GRAINCORP officials remain upbeat about the prospects of the Australian Grain Champions (AGC) bid to corporatise WA grains co-operative CBH in spite of the CBH board deciding not to put the matter to a member vote.
GrainCorp is a critical piece of the puzzle in the AGC deal, providing capital which will be used to pay out grower shareholders in CBH.
Managing director at GrainCorp Mark Palmquist said he did not think the AGC proposal was dead, in spite of CBH’s decision and data released by CBH showing members remained strongly in favour of retaining the co-operative structure.
“Things have been a bit quiet in Western Australia over the past month with growers focusing fully on planting this year’s crop, but we expect the issue to be back in the spotlight by the end of May when the crop is in,” he said.
Mr Palmquist said GrainCorp still thought the proposal was a positive for Australian agriculture.-
“Anything that can be a positive for the industry we feel we should try and participate in it,” he said.
He said GrainCorp investment in CBH could help create an Australian grain exporter with access to key production zones in both eastern and western Australia.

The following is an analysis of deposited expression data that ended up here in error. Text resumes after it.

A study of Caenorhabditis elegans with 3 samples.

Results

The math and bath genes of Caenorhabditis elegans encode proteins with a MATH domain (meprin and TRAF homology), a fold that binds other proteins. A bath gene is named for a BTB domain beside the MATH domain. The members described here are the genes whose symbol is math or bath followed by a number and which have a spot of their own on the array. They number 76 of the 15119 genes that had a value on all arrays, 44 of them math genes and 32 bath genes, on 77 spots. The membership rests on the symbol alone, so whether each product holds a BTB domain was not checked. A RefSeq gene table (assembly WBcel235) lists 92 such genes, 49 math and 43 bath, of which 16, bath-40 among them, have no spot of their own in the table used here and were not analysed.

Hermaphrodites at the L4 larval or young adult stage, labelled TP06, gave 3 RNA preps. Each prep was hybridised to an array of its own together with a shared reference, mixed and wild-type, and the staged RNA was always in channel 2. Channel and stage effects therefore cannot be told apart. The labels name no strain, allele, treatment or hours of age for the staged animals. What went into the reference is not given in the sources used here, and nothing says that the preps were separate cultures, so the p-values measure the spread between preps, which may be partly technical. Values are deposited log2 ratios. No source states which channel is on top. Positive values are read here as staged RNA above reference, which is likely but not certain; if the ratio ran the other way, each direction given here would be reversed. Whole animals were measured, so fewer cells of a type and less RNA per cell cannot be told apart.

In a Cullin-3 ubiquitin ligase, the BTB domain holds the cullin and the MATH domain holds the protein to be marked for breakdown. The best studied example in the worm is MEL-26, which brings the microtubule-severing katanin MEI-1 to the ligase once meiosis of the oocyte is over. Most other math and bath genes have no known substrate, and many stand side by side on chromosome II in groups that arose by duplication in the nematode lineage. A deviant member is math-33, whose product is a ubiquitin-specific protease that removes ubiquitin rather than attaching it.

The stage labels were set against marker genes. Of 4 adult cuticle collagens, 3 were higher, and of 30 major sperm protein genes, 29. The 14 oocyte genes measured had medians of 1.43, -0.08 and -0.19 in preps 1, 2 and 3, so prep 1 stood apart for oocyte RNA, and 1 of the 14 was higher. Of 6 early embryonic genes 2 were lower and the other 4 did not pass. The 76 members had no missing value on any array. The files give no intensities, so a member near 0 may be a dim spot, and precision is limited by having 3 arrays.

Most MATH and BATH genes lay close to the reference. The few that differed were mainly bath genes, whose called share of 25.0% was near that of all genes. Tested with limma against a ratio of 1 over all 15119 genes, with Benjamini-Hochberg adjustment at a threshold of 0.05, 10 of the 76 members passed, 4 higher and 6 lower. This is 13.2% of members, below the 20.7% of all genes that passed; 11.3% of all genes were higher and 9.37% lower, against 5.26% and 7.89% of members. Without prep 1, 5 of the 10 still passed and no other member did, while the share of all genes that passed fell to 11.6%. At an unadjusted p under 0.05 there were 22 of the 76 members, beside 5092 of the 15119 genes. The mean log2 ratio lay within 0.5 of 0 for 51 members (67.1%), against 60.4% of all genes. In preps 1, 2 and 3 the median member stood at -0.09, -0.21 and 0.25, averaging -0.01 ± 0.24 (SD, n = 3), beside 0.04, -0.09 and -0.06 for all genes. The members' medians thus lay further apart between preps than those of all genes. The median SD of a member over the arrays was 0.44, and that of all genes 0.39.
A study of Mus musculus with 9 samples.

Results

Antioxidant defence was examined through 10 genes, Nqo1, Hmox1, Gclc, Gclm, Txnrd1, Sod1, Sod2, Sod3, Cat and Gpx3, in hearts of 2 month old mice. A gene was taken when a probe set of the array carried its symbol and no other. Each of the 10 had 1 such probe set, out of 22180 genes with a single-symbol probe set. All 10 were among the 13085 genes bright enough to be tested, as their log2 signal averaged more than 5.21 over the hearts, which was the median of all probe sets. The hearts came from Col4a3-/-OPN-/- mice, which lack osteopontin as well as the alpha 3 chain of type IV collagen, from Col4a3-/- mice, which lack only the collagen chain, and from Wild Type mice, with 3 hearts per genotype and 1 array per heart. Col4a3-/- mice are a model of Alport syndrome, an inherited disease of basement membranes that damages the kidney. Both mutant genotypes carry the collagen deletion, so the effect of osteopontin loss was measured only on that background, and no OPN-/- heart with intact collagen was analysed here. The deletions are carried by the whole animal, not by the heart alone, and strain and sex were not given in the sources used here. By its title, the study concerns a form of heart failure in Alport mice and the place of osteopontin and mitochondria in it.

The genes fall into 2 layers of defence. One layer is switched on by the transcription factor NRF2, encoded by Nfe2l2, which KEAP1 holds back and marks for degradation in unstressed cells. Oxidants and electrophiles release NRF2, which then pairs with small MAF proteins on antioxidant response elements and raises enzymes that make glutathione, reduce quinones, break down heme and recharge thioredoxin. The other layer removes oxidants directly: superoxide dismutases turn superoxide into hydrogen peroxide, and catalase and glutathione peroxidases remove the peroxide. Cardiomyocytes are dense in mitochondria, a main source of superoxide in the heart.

“It would mean there was an Australian grains business that really has that full scale and is competitive on the world stage.”
“Australia is important on the international wheat front and anything that can drive efficiencies here needs to be looked at.”
However, he all but ruled out GrainCorp going it alone in terms of a push for WA expansion should the AGC proposal fail.
“We’re concentrating on the AGC plan at present, we feel it is the best path forward and would very much like to see it successful.”
Mr Palmquist said GrainCorp already participated in the WA grain market and said his company had a good working relationship with CBH.
“We’ve got long term agreements in place with CBH and work together well, we’d much rather find ways to work collectively rather than go up against them.”